Not only are we short on female scientists, we are deprived of the science of being female.
Author: Ellie Jackson
Editor: Rachel Rubinsohn
Artist: Lucie Gourmet
Androcentric bias refers to a preference for men or masculine interests, and is still a prevalent problem in 21st century research, despite the other advances in women’s rights. As a species, we are obsessed with how men and women differ, with over 30,000 scientific articles being published on sex differences between 2000 and 2015. So how come over 70% of patients in studies of heart diseases are male? Why did the US have to pass a bill in 1993 mandating that women must not be excluded from clinical research? This is unsurprising when we look at the stark truth of gender bias in science. The Nobel Prize is the highest accolade for scientific research, but in the 118 year history of the award, only 21 women have become laureates in Physics, Chemistry and Physiology or Medicine combined, compared to 586 men. These small numbers serve to highlight a much larger issue: how can science ever be fully objective without sufficient female representation?
The extent of this bias reaches one of the most famous scientific developments in history: evolution. Even the greatly hailed work of Charles Darwin had gender bias. He argued that women were less evolved than men by means of natural selection; males had to prove intelligence and strength to mate with a female partner, whereas females simply had to provide sexual attraction. Other scientists at the time postulated that as men traditionally were hunter-gatherers while women reared children and maintained the home, males were exposed to greater evolutionary pressure and thus had evolved more than females. This was particularly problematic because science, a supposedly objective measure of the world and how it is experienced, was now being used to reinforce women’s place at a lower social standing. Some of Darwin’s contemporaries used phrenology – the study of the shape and size of the skull – to justify women’s inferiority.
We are well aware that there are physiological differences between males and females – we possess different sex chromosomes, gonads and hormone profiles – but are our brains really that different? The truth is, in all studies of brain sex differences, there are such vast differences within male and female groups that there is no significant difference between the male and female brains. On average, two male brains will differ in macro and micro-structure by just as much as a male and female brain. Yet researchers still hunt down these differences and perpetuate the idea that there must be some intrinsic difference. We have become obsessed with quantifying the male and female as two separate entities to be studied that we forget about differences between individuals.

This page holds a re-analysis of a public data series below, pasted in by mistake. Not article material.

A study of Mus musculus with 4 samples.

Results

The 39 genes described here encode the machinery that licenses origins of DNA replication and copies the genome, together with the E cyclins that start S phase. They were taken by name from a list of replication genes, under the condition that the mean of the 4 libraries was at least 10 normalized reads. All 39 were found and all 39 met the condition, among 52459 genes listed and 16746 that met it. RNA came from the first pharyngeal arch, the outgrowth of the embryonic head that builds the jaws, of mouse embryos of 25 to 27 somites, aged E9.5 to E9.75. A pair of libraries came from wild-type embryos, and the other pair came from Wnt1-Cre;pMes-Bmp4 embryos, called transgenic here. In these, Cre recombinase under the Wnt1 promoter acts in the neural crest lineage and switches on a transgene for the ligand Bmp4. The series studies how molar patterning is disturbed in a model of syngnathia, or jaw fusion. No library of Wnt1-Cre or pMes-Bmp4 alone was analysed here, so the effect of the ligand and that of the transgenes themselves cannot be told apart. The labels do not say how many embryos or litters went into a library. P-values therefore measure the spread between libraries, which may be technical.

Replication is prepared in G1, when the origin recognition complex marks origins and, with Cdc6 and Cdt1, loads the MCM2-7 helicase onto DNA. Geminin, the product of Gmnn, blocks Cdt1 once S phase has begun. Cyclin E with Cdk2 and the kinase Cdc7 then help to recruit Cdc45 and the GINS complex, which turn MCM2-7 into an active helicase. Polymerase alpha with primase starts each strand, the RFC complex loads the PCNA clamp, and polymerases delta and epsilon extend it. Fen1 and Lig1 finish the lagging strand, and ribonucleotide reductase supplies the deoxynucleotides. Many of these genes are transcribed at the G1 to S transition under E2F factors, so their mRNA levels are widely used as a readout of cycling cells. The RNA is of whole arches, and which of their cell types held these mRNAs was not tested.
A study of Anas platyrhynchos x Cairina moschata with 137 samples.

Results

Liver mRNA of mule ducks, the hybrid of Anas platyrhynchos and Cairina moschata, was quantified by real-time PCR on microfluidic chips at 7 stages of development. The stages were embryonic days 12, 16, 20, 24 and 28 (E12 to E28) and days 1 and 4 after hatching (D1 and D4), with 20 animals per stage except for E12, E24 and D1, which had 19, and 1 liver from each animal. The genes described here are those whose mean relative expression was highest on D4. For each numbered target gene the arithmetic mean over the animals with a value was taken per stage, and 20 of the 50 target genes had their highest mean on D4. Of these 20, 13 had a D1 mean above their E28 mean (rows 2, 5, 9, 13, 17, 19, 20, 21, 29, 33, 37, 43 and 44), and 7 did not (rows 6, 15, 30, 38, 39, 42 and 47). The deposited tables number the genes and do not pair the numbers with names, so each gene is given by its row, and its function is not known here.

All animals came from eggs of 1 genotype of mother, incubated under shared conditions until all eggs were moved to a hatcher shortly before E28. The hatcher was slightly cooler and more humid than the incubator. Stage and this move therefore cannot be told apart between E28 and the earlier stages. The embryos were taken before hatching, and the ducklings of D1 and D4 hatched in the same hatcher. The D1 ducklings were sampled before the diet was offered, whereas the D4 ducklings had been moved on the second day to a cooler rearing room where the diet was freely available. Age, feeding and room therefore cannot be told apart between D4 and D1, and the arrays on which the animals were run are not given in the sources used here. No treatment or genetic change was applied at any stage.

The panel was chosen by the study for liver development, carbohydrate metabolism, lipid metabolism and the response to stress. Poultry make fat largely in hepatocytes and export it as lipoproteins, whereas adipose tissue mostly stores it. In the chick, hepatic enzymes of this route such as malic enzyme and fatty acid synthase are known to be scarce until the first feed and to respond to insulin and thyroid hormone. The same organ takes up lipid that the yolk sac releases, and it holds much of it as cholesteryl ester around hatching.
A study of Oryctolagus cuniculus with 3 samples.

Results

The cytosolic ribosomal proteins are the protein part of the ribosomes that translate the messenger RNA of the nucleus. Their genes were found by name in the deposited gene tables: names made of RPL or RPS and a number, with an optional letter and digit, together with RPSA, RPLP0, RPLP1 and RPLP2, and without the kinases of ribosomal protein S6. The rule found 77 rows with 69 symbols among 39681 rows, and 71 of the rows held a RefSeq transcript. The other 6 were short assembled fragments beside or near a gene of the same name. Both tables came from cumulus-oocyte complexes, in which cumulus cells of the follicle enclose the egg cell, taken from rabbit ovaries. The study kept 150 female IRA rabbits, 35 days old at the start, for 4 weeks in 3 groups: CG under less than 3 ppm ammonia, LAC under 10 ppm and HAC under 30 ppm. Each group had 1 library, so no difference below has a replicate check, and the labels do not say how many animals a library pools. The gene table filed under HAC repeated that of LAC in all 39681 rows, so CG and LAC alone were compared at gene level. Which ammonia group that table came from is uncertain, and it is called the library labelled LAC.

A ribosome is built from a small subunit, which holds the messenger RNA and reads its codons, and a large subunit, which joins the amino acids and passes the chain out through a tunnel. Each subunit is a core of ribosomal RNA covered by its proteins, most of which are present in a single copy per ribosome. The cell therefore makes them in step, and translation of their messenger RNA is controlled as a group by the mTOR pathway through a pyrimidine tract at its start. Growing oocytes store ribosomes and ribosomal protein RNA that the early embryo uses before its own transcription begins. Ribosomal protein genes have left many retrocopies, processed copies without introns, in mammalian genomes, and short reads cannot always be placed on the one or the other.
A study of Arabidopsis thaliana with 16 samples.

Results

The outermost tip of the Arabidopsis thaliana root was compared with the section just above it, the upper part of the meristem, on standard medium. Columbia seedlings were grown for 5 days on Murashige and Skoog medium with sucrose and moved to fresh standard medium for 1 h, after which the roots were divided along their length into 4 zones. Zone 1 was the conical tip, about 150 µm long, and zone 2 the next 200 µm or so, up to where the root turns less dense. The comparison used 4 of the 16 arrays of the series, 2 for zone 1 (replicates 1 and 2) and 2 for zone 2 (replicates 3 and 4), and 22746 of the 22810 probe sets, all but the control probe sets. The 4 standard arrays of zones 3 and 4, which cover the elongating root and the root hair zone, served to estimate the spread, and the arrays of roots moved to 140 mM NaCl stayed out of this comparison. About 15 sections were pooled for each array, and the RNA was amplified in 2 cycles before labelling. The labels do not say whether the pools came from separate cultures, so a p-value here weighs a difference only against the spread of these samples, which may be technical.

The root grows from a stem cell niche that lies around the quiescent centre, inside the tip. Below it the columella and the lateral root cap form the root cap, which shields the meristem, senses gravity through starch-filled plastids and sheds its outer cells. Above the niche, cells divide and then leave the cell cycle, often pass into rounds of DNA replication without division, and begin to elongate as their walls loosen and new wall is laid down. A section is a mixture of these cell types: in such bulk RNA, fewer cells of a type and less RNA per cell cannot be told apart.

Such obsessions are dangerous. Women have been blatantly excluded from many clinical trials and scientific studies on the basis that their sex will result in data anomalies.
This has affected women in many ways, from female astronauts being pulled from space flights because space suits were designed to fit male bodies, to women being more likely to be injured on police raids as stab vests are not designed for breasts. Arguably, the most severe problems are in healthcare and drug development. Yentl syndrome describes the female-specific manifestation of heart failure, the second largest killer of women under 35. As women present different symptoms to the standardised male subject, they are more likely to be turned away from the emergency room or to be treated incorrectly. Even though there are now rules in place for how sex differences in clinical trials are adressed, 70% of heart trial patients are still male. Not only does androcentric bias skew our perspective of women, it is actively putting women at risk.
As a generation of future scientists, it is important that we are aware of the history of gender bias in science, and use it to conduct better, more impartial research. It is about time we update our ideas about the importance of the female in scientific study.
- Angela Sani, inferior
- J.A Berlin, S.S Ellenberg, Inclusion of women in clinical trials, BMC medicine 2009, issue 7, page 56
- S Vania, A Milkas, C Crysohoou, C Stefanadis 2015, coronary artery disease in women, from yentl syndrome to contemporary treatment. World journal of cardiology, volume 7, pages 10-18.
- Darwin, Charles. 1896. The Descent of Man and Selection in Relation to Sex. New York: D. Appleton and Company.